Time Capsule, how can you forwarding port?

Discussion in 'Mac Accessories' started by matrix07, Dec 12, 2011.

  1. matrix07 macrumors 68040

    matrix07

    Joined:
    Jun 24, 2010
    #1
    Even though this is not supported, I'm sure someone here will be able to do it. A lot of people use it as their main router, surely they can not live without port-forwarding? :p

    Also, do you have problem when connecting Mac (5 GHz) and iDevices (2.4 GHz) at the same time (slow speed)?
     
  2. skorpien macrumors 68020

    Joined:
    Jan 14, 2008
    #2
    Sure it's supported (page 49 of this PDF). It's called Port Mapping instead of Port Forwarding.

    And no, there are no issues since these are two separate radios. They are entirely different bands, so one device joining one band has no impact on the speed of a device joining another band. However, if a wireless G device were to join the 2.4 GHz band, any wireless N devices on the 2.4 GHz band would suffer a bit of a speed decrease when the wireless G device was accessing the network.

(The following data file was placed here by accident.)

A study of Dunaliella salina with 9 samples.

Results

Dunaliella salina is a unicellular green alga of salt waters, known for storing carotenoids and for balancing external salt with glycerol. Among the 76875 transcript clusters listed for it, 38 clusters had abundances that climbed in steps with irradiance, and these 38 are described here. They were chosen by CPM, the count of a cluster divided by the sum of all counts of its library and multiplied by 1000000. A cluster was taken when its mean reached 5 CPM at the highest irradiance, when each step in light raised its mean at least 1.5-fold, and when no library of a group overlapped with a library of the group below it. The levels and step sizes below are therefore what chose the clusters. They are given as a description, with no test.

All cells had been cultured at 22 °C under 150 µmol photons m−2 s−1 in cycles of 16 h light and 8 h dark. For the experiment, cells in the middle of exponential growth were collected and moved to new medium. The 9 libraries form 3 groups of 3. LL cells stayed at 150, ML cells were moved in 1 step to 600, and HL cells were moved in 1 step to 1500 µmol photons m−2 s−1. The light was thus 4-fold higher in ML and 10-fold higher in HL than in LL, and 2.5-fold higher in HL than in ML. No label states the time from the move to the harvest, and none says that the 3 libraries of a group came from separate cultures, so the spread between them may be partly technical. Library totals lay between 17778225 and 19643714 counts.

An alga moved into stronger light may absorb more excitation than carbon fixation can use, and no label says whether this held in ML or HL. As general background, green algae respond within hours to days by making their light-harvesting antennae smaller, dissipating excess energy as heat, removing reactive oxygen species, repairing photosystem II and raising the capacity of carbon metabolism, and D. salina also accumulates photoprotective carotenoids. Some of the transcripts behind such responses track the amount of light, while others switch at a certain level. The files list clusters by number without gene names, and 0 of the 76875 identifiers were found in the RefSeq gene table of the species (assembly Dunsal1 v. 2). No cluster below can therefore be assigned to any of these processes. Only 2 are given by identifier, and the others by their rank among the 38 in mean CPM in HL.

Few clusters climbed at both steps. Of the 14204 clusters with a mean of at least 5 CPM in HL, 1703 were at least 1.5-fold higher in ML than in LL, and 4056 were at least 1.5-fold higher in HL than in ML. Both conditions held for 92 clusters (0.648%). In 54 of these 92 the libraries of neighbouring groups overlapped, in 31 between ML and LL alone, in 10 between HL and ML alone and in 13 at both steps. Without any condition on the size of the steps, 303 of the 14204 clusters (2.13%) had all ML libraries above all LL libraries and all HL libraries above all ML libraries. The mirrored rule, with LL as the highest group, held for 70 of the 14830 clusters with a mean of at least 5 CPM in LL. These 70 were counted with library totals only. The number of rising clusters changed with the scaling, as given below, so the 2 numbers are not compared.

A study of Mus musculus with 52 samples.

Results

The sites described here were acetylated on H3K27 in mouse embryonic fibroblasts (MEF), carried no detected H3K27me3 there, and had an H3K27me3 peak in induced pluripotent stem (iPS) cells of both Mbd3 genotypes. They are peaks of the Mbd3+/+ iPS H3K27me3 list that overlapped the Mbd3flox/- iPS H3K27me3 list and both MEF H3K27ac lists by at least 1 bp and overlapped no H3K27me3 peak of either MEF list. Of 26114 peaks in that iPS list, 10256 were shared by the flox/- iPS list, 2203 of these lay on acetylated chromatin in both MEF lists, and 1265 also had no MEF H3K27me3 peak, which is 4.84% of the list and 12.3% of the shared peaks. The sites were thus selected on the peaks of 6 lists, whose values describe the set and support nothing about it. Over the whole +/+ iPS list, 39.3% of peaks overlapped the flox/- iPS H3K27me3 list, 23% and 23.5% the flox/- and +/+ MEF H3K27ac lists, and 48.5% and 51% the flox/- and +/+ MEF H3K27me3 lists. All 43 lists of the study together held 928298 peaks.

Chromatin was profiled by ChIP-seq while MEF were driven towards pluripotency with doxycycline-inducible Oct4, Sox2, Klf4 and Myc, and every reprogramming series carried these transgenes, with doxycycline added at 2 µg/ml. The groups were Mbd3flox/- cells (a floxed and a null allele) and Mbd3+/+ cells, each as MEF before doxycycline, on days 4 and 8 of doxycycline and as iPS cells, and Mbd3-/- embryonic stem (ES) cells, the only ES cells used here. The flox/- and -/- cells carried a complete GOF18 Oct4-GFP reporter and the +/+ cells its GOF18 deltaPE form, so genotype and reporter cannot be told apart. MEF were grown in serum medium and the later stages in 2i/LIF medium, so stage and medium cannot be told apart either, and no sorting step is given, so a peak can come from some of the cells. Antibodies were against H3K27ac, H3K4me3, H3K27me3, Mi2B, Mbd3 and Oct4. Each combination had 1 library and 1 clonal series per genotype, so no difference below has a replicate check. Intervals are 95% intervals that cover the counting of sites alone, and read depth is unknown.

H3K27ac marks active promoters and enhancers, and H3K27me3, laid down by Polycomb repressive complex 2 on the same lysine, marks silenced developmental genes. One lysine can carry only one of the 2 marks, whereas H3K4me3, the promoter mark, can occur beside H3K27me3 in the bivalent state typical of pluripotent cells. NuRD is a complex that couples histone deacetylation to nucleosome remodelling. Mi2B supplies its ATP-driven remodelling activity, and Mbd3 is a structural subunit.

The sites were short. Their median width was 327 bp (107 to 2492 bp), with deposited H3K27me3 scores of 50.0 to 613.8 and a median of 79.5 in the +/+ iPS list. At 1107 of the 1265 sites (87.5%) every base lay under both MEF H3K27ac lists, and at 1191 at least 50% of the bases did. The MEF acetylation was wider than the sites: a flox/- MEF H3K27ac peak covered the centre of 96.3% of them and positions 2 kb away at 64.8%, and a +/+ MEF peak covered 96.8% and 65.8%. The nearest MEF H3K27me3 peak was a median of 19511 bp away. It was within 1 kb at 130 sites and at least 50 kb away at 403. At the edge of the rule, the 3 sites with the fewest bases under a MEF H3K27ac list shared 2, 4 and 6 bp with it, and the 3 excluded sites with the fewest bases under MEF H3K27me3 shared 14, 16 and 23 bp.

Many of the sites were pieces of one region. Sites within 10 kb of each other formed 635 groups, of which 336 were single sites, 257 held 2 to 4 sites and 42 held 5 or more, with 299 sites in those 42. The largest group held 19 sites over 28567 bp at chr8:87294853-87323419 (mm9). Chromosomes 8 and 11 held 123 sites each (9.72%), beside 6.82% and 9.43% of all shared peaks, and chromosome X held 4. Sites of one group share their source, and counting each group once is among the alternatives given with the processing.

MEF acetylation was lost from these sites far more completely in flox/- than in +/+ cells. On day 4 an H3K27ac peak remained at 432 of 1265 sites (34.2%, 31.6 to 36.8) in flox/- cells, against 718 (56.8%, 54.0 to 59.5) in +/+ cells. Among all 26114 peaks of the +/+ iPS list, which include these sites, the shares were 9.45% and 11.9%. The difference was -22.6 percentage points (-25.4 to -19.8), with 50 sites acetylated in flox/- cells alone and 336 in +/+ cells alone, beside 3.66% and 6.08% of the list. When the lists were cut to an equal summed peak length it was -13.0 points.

3. matrix07 thread starter macrumors 68040

    matrix07

    Joined:
    Jun 24, 2010
    #3
    Damn.. Talking about reviewer didn't know what they're talking about.
    http://reviews.cnet.com/network-storage/apple-time-capsule-2tb/4505-3382_7-34837269.html#reviewPage1

    Thanks. That's a relief. I guess this is automatic, not something user need to configure?
     
  4. Heavertron macrumors regular

    Joined:
    Jun 2, 2011
    Location:
    UK
    #4
  5. skorpien macrumors 68020

    Joined:
    Jan 14, 2008
    #5
    You're quite welcome :)

    By default, yes it is automatic. The Time Capsule broadcasts on both frequencies simultaneously and gives them the same SSID and password. The device will then switch between the two depending on which is the strongest signal (usually, sometimes this doesn't always work).

    You can control which band your devices join by giving the 5GHz band a unique SSID (password stays the same). It's in the advanced options in AirPort Utility. I'm in the habit of appending "(5GHz)" to the name of my other SSID for easy distinction. This gives you greater control, but your device might not seamlessly switch to the 2.4GHz band if the 5GHz band is too weak.

    With most applications including Internet browsing, you may not see a noticeable benefit to being on the 5GHz band. However if you're streaming high definition movies, moving large files across Wi-Fi, etc., you'll definitely benefit from ensuring your wireless N devices are strictly on the 5GHz band.
     
  6. matrix07 thread starter macrumors 68040

    matrix07

    Joined:
    Jun 24, 2010
    #6
    Thank you skorpien. You're more helpful than Apple geniuses.
    I won't transfer very large files over network so I guess I'll leave it automatic then.
    (bookmarked this thread for reference later.)